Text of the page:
A stroke survivor in Bromley has claimed that she feels ‘isolated’ as she cannot see friends and family due to her car not being ULEZ compliant.

The woman living in Coney Hall, Bromley, contacted Conservative Councillor Josh Coldspring-White to tell him about the situation she was in.

The Ultra Low Emission Zone (ULEZ) scheme expansion last August and saw people across outer London being asked to pay £12.50 to drive if their car is not deemed environmentally friendly enough.

The topic was discussed at a Bromley Council meeting on March 11.

Cllr Coldspring-White said at the meeting: “After suffering a minor stroke, [the resident] began to recuperate by joining gym classes in Beckenham.

"Her car is non-compliant and she doesn’t feel able for the two buses and walk it would involve if she did not drive. She tried to replace her car, but even with the scrappage scheme, the prices are still out of reach.”

Speaking directly for the resident, the councillor said: “My life feels very restrictive as I cannot afford to visit friends and family.

"My choice to use certain supermarkets has been taken from me as I cannot afford to add £12.50 to my bill and all of this has a knock on effect of feeling less social interaction and isolation.”

The councillor was speaking in support of a motion put forward by the Conservative Group which claimed the ULEZ expansion had not served the best interests of people living in Bromley.

Conservative Councillor Colin Hitchins, who proposed the motion, said he wanted to send a clear message to the Mayor that outer London was not the ‘Bank of Khan’.

Conservative Councillor Thomas Turrell said: “The Mayor of London doesn’t seem to be able to demonstrate that he understands the difference between inner and outer London, and that’s what ULEZ is the most recent example of.”

Bromley Council put forward a legal challenge last year against the expansion as part of a coalition with four other local authorities.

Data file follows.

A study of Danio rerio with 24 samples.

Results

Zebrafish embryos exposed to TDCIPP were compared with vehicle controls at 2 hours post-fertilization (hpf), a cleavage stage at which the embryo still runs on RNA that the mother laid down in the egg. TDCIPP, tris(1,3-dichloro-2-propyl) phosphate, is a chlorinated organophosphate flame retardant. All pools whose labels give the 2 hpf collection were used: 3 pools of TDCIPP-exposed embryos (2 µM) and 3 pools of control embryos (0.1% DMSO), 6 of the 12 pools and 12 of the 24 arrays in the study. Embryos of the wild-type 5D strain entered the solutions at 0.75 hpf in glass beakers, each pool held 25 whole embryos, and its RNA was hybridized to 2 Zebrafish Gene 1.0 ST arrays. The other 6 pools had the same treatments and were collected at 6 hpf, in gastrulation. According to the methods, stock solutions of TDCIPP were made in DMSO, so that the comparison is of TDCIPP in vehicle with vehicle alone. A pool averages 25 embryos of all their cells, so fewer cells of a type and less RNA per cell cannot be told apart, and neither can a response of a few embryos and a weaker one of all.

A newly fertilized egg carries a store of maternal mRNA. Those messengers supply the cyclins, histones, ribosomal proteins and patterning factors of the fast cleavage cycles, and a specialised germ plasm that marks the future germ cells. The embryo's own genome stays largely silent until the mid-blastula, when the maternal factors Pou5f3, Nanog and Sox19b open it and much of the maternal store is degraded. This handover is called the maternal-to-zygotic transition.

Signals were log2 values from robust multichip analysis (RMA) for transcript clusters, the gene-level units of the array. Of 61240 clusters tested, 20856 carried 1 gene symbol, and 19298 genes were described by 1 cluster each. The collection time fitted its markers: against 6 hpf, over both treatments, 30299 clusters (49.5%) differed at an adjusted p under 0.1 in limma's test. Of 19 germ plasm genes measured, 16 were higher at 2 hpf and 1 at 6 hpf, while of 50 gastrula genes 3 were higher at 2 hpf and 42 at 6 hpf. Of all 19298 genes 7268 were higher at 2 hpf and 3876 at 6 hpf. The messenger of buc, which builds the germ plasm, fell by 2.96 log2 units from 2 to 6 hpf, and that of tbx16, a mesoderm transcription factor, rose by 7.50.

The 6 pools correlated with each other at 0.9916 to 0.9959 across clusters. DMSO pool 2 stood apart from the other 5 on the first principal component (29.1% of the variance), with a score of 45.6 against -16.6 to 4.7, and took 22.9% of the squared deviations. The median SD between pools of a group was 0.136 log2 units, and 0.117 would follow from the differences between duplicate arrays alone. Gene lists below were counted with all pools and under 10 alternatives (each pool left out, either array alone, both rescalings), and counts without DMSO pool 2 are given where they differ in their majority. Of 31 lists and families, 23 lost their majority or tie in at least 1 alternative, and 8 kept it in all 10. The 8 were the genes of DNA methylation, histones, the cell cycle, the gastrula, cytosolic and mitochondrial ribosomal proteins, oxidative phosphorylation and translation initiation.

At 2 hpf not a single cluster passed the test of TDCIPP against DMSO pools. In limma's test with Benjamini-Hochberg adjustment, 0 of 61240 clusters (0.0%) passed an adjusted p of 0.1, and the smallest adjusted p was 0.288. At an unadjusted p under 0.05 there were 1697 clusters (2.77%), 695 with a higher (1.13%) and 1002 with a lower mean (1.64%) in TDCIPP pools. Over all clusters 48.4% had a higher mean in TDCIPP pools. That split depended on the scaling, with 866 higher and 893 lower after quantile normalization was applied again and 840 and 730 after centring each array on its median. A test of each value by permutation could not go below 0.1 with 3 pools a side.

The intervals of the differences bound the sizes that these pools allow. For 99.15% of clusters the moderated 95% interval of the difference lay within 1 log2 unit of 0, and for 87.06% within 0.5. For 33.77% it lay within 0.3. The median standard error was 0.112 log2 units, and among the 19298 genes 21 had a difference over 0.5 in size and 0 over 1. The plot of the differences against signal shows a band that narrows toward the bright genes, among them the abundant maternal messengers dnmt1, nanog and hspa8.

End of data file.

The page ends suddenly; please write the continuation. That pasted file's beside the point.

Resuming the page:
The challenge was ultimately dismissed by the High Court and Bromley Council was asked to pay £147,853 in legal costs, which the Bromley Labour Group labelled as a ‘pointless waste of taxpayers’ money’.

Lib Dem Councillor Chloe-Jane Ross said at the meeting: “I do think it’s a big call to say that the best interests of the entirety of our borough are not served well by ULEZ. Considering how diverse our borough is, when we consider from Coney Hall to Crystal Palace.

"Cllr Coldspring-White talked about his ward, which is semi-rural, but we know that we are a borough of two halves. We have extremely urban areas in our borough that are highly congested.”

A spokesperson for the Mayor of London told the Local Democracy Reporting Service: “In Bromley, up to 204 people – the highest out of all London boroughs – lost their lives prematurely in 2019 due to toxic air pollution. Nowhere in Bromley currently meets World Health Organization recommended air quality guidelines.”

The spokesperson said that the ULEZ had proven to be highly effective in tackling air pollution and protecting public health. They said that on average 95 per cent of vehicles in London are compliant with the scheme and the scrappage scheme for drivers who need to replace their vehicles had been raised to £210million.

They added: “The ULEZ is not a money-making scheme and within a few years, as compliance increases, it will actually make a net loss. In the meantime any revenues raised are ringfenced and reinvested into London’s transport network, including investing in state-of-the art electric buses and improving transport links in outer London.”